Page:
The growing inflow of foreigners coming to Lithuania for work is a threat to Lithuania’s security, Interior Minister Agne Bilotaite says, adding that newcomers are being used as a cover by the intelligence services of hostile countries.
“The growing inflow is a threat because it is becoming obvious that it is more difficult to ensure control and integration processes. The State Security Department has also pointed out that a worrying trend has recently emerged where immigrants are becoming a cover for the intelligence services of hostile countries,” the minister told a press conference on Monday.
Some 50,000 foreigners have come to work in Lithuania this yea, she said, adding that these are mainly citizens of Belarus, Uzbekistan, Ukraine and Kyrgyzstan. The number of foreigners coming from Tajikistan, Kazakhstan and Azerbaijan is also increasing.
“This year, 16,000 decisions have been made to ban the entry of foreign citizens to Lithuania due to threats to national security,” the interior minister said. For the same reason, she added, 411 Belarusian citizens have had their residence permits revoked and 562 have been refused temporary residence permits.
“This year, the State Border Guard Service has refused to allow 527 Russian citizens and 600 Belarusian citizens to enter Lithuania due to threats to national security. This shows that our prior decisions and restrictive measures are really bearing fruit,” Bilotaite said.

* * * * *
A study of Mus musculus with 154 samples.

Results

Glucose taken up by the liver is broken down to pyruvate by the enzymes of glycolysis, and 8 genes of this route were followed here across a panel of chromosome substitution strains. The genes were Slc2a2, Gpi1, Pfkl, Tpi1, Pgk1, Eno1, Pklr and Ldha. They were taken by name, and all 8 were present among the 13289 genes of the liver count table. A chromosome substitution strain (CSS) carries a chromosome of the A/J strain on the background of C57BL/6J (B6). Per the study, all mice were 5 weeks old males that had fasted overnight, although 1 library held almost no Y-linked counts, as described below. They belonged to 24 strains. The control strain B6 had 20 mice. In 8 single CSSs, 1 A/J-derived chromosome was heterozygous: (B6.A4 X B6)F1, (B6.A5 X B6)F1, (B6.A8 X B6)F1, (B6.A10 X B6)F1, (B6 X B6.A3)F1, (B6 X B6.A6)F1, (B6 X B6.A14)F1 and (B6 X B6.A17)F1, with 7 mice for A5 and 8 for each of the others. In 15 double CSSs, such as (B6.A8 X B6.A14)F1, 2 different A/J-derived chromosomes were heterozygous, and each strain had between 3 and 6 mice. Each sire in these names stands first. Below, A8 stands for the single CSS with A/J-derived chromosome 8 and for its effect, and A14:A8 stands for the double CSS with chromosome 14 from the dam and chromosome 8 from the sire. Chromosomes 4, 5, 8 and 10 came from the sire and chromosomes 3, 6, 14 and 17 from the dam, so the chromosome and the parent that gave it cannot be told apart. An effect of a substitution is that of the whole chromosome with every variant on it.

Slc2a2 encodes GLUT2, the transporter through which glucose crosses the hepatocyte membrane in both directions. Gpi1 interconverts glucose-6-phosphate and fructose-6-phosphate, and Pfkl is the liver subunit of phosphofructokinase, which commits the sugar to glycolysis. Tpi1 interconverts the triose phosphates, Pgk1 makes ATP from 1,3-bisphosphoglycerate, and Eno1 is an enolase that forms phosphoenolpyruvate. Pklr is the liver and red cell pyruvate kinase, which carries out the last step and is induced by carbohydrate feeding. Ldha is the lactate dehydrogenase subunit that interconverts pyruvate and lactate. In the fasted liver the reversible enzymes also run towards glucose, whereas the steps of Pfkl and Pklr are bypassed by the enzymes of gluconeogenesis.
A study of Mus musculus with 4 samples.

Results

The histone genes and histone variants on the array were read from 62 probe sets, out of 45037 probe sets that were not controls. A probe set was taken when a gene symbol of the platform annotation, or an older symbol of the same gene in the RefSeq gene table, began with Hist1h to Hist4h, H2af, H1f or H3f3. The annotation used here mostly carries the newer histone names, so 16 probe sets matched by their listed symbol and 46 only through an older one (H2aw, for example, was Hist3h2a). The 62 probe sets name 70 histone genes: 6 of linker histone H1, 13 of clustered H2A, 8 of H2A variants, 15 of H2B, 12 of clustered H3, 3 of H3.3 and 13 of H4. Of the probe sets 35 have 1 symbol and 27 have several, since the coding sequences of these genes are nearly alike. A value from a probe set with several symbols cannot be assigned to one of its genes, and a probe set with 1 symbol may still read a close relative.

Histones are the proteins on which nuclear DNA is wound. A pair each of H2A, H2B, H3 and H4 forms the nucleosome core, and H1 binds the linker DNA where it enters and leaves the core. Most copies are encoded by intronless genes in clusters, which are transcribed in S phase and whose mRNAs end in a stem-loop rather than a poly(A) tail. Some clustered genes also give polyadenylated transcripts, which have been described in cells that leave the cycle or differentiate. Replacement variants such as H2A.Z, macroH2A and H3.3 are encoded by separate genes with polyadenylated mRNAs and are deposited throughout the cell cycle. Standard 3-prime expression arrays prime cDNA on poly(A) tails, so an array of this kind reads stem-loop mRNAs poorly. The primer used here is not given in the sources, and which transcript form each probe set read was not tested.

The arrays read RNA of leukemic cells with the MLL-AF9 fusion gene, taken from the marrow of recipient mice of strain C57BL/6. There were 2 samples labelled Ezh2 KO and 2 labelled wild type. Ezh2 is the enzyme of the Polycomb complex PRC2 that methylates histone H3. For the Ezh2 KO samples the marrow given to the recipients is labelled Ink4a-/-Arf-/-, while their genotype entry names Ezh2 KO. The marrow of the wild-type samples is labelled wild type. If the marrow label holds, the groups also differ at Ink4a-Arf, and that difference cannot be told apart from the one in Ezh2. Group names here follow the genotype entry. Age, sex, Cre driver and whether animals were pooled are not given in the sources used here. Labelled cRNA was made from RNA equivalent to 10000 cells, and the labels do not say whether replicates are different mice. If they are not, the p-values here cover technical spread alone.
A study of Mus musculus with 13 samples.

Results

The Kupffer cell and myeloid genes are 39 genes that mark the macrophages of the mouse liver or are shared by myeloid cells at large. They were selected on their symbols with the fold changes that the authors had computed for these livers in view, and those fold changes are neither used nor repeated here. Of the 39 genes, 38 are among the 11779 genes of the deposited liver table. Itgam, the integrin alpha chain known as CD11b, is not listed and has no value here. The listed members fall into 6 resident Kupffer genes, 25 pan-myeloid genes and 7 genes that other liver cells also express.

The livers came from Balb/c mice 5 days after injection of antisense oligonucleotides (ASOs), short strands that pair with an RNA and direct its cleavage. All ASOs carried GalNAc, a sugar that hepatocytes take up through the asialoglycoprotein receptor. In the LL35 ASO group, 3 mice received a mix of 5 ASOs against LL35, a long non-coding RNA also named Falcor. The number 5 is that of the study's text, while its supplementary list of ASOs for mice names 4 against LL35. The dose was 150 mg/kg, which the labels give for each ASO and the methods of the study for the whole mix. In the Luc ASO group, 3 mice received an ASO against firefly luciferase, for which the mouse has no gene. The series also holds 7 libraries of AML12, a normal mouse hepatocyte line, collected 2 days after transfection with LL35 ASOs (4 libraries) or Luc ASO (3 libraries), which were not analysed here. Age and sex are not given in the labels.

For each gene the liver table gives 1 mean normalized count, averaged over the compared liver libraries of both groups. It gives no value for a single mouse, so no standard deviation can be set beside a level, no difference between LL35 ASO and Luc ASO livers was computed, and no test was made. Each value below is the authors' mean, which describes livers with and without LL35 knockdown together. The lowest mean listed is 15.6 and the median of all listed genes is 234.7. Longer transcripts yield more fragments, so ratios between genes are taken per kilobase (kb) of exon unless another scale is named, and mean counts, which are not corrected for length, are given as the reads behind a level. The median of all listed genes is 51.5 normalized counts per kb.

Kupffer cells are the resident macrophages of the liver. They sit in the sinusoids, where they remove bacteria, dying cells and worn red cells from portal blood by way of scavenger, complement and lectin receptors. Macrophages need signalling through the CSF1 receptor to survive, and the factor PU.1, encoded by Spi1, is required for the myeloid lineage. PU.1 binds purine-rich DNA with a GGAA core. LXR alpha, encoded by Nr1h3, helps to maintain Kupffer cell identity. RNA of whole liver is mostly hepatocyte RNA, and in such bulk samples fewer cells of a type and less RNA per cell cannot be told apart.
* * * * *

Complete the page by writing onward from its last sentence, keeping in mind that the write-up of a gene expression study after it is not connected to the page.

MPs Laurynas Kasciunas and Paulius Saudargas have drafted amendments to the Law on the Legal Status of Aliens, which would allow a foreigner who has lived in Lithuania for five years and wishes to extend their temporary residence permit to be issued such a document only if they present documents to prove their proficiency in the state Lithuanian language.
According to the lawmakers, the practice shows that people tend to renew their temporary residence permit for an indefinite period of time and are therefore not subject to the requirements to have sufficient command of the Lithuanian language and have basic knowledge of the Lithuanian Constitution when applying for a permanent residence permit. This, they argue, creates a risk of the formation of foreign diasporas.
The two lawmakers also propose increasing employers’ responsibility when employing foreigners. The amendments seek to establish that a temporary residence permit issued on the basis of employment shall be revoked or a new one denied if the employer has had a period of non-insurability for more than 90 days in the previous 180 days for any of the foreigners employed.
In addition, the amendments would provide that a foreigner in Lithuania would be able to change their employer no earlier than six months after the date of obtaining a temporary residence permit.
Under the current regulations, employers commit to employing a foreigner for six months, but in practice, after a month or so, foreigners often asked the Migration Department to allow them to change employers.
Kasciunas and Saudargas are also proposing limiting the number of temporary residence permits issued to persons of Lithuanian origin or to foreigners entitled to restore Lithuanian citizenship. According to the bill, a temporary permit would be issued to them only once. After living in Lithuania for five years, they would have to learn the Lithuanian language, pass the exam on the basic knowledge of the Constitution and could obtain a permanent residence permit.